LSAT Logic in the Colbert Report | Marijuana Legalization

LSAT Logic in the Colbert Report | Marijuana Legalization
Whatever your political views, you have to admit that while Stephen Colbert is in character on "The Colbert Report," he exhibits several logical fallacies.

Colbert recently exhibited a classic logical fallacy, the ad hominem attack. He was attacking Ethan Nadelmann, founder and director of the Drug Policy Alliance during an interview on the subject of marijuana legalization.

In an ad hominem attack, the person making the logical fallacy attacks the individual's personal characteristics, rather than the substance of the individual's argument itself.

Here's the dialogue where the ad hominem attack occurs (watch it in the video below by scrolling to 3:47):

Colbert: Have you ever done drugs?

Nadelmann: Well...I...Stephen...I have smoked the occasional joint when I'm ---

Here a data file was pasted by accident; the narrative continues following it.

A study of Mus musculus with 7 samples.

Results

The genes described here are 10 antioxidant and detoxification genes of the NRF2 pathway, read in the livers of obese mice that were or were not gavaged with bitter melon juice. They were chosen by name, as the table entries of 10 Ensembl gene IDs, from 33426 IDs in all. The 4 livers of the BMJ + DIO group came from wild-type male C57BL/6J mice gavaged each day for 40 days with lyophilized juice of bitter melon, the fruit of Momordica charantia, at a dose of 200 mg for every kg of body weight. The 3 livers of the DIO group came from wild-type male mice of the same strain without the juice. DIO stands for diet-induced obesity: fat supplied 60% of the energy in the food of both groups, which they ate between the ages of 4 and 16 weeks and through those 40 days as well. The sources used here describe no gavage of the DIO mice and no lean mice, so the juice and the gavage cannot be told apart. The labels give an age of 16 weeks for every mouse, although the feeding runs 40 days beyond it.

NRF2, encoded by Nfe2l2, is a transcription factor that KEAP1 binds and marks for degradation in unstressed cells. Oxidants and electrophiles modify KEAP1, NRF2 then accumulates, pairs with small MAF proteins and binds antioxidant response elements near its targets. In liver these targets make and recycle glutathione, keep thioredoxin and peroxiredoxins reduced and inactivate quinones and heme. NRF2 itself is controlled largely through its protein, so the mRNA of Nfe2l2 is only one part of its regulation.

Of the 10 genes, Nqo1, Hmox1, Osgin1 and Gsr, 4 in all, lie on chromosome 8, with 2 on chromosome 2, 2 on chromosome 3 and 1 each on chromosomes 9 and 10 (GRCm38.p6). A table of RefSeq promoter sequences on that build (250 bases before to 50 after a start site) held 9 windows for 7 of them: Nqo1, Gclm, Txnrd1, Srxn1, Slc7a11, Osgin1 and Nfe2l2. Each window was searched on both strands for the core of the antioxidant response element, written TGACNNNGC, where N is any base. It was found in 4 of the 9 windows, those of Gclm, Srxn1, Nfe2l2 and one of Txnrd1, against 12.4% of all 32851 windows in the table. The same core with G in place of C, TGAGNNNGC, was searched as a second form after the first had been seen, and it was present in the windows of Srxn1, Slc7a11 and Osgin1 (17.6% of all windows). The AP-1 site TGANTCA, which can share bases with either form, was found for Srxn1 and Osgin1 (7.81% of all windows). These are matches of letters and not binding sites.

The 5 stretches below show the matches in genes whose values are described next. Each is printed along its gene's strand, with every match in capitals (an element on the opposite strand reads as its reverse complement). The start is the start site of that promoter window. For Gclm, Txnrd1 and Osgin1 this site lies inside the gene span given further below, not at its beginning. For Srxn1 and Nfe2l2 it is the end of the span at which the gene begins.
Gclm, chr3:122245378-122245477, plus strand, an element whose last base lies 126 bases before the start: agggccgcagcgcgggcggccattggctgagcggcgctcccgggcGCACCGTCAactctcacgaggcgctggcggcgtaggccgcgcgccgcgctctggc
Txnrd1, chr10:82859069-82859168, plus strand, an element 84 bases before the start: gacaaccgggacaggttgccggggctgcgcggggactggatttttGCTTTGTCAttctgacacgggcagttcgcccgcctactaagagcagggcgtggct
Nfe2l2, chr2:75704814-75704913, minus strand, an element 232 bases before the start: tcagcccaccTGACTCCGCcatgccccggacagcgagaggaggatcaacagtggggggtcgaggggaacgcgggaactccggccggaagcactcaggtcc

Colbert: So YOU are a criminal, and none of your arguments have validity now.

But wait - there's more.

Nadelmann makes an argument by analogy in the interview (at 2:45 in the video below). Arguments by analogy like Nadelmann's aren't necessarily logical fallacies. In order for the analogy to be valid, the things being compared must be similar in relevant ways.

Nadelmann: You can compare alcohol prohibition to marijuana prohibition.

Colbert: How so? Go on.

Nadelmann: What's going on in Mexico right now, it's like Chicago during Prohibition under Al Capone --- times 50.

The Colbert ReportMon - Thurs 11:30pm / 10:30c
Ethan Nadelmann

In LSAT Logical Reasoning questions, ad hominem attacks like Colbert's often occur in questions with a dialogue between two individuals. However, you can find these attacks in regular questions as well.

Being able to recognize argument by analogy is important for "method of reasoning" Logical Reasoning questions.

1 comment:

  1. I think colbert is hilarious (even though he satirizes a lot of my political views), and one of his most common thing is to use ad hominem attacks. (Usually in an incredible 'over the top' acting out fashion.)